Alter: Gimmick no more, Europe justifies World Cup format
When the World Cup of Hockey began over a week ago, Team Europe was an afterthought, already written off.
Pre-tournament games against Team North America suggested that perhaps the European experiment wouldn't work. That notion was only further cemented after a four-period span in which Europe was outscored 9-1 by the kids.
"That was a real turning point for us," defenseman Roman Josi said after Europe beat Sweden 3-2 in overtime to advance to the World Cup final against Canada. "That's when I think we started coming together."
Once the puck dropped for the first round-robin game, Team Europe took on a whole new identity, and changed people's perceptions in the process.
To understand this underdog story, look no further than Europe head coach Ralph Krueger.
In June 2013, he was dismissed as head coach of the Edmonton Oilers - over Skype - after one lockout-shortened season. After a brief stint as an advisor for Canada at the 2014 Sochi Olympics, Krueger left hockey and is now chairman of the Premier League's Southampton Football Club. It was a career change in sport that is rarely done successfully, especially at the highest level.
Europe's captain, Anze Kopitar, is a perennial All-Star from Slovenia. He's had to carry his nation's hopes at every World Hockey Championship, with Slovenia regularly alternating between staying in the top 16 in order to play in the main tournament, and relegation.
Training camp was in Quebec City, far from Europe, and the team chose to have no national anthem or musical score played before its games, even though a medley was provided by the tournament. Meanwhile, every other team heard its anthem before puck drop, with North America getting both the U.S. and Canadian anthems.
Team Europe: Outsiders by all accounts.
"A lot of the presidents are down there from the eight countries we're representing, but I think we're representing all the rest, which is about 12 to 13 countries in Europe that cannot play in the top six, and I think that the pride in that group right now is large," Krueger said.
A Force, Together
Most of the countries where the members of Team Europe come from wouldn't stand much of a chance at placing on the podium at the Olympics or even a World Championship. In fact, none of the eight nations Team Europe represents has ever been to the final of a best-on-best tournament. United in their difficulties to achieve international supremacy, the Europeans are now in uncharted territory - they're through to the World Cup final with heavily favored Canada.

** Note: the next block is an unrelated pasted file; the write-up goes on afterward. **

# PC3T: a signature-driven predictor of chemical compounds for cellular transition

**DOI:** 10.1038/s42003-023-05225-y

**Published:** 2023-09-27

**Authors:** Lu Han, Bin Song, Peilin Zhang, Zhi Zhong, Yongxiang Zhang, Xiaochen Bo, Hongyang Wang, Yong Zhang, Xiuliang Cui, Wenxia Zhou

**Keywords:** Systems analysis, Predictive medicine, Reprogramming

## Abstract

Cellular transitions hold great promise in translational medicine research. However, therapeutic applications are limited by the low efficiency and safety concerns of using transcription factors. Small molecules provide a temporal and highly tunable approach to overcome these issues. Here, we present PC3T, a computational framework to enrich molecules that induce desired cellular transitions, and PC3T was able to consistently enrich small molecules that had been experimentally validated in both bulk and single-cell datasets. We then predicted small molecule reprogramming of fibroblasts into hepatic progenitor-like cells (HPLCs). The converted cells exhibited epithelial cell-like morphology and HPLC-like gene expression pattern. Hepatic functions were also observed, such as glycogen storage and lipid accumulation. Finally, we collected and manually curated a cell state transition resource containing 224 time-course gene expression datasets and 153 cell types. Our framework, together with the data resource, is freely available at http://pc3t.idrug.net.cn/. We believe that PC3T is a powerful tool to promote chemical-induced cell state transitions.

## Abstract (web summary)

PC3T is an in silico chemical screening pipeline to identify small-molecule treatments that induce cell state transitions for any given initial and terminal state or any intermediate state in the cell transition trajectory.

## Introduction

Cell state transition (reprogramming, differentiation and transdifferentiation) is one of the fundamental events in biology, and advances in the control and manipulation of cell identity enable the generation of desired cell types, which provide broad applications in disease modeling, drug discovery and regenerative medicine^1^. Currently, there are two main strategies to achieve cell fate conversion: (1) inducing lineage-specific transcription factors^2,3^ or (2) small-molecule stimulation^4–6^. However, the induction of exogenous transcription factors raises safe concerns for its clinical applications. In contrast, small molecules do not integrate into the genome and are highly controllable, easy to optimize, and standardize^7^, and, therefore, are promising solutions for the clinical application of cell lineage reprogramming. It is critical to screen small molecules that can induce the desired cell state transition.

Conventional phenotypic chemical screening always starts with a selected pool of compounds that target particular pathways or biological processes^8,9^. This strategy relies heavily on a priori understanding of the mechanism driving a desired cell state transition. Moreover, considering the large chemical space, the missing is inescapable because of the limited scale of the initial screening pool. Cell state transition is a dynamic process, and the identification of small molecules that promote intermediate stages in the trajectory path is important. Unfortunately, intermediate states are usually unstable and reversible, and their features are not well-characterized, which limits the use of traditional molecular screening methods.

"Obviously, a big opportunity," said forward Tomas Tatar, who scored twice against Sweden, including the overtime winner. "The story continues. We know and respect Canada and how good they are, but we will be together and we will battle together for a win."
Europe kicked off the World Cup last week by blanking the Americans 3-0. In an instant, the perception of the European team - and the U.S. team - changed. Krueger's squad punched its ticket to the semifinals with a win over the Czechs two days later. The club's latest and most impressive achievement is an overtime win over hockey powerhouse Sweden to keep the run going.
"I think nobody would guess we could be in the final," Marian Hossa said. "It was 33-to-1 odds against us. So it just feels good to be where we're at. I think everybody here is really happy."
A best-on-best international tournament with two select teams was a concept many weren't sure would work. But with North America dazzling every game and Europe in the final, it's the best possible outcome for the organizers who dreamed it up. A Europe-Canada final sheds the World Cup of the gimmick label and helps to grow the game internationally.
"There were half the people who were into it and half the people who weren't," Hossa said. "I think now more people have started getting into it and realizing there are a few guys playing for each of those countries in the final against the best team there is in Canada. Lots of people are going to watch now."
With the final a best-of-three format, Team Europe will play at least two more times, on the biggest international stage, its players taking part in what will likely be the most important international games of their careers.
"I came in here saying that we hoped that a few young children back in those countries get inspired by what we do and become great NHL players in 10 years or 12 years," Krueger said. "And if that happens when I'm old and retired, I hope that it was a part of this tournament that did that."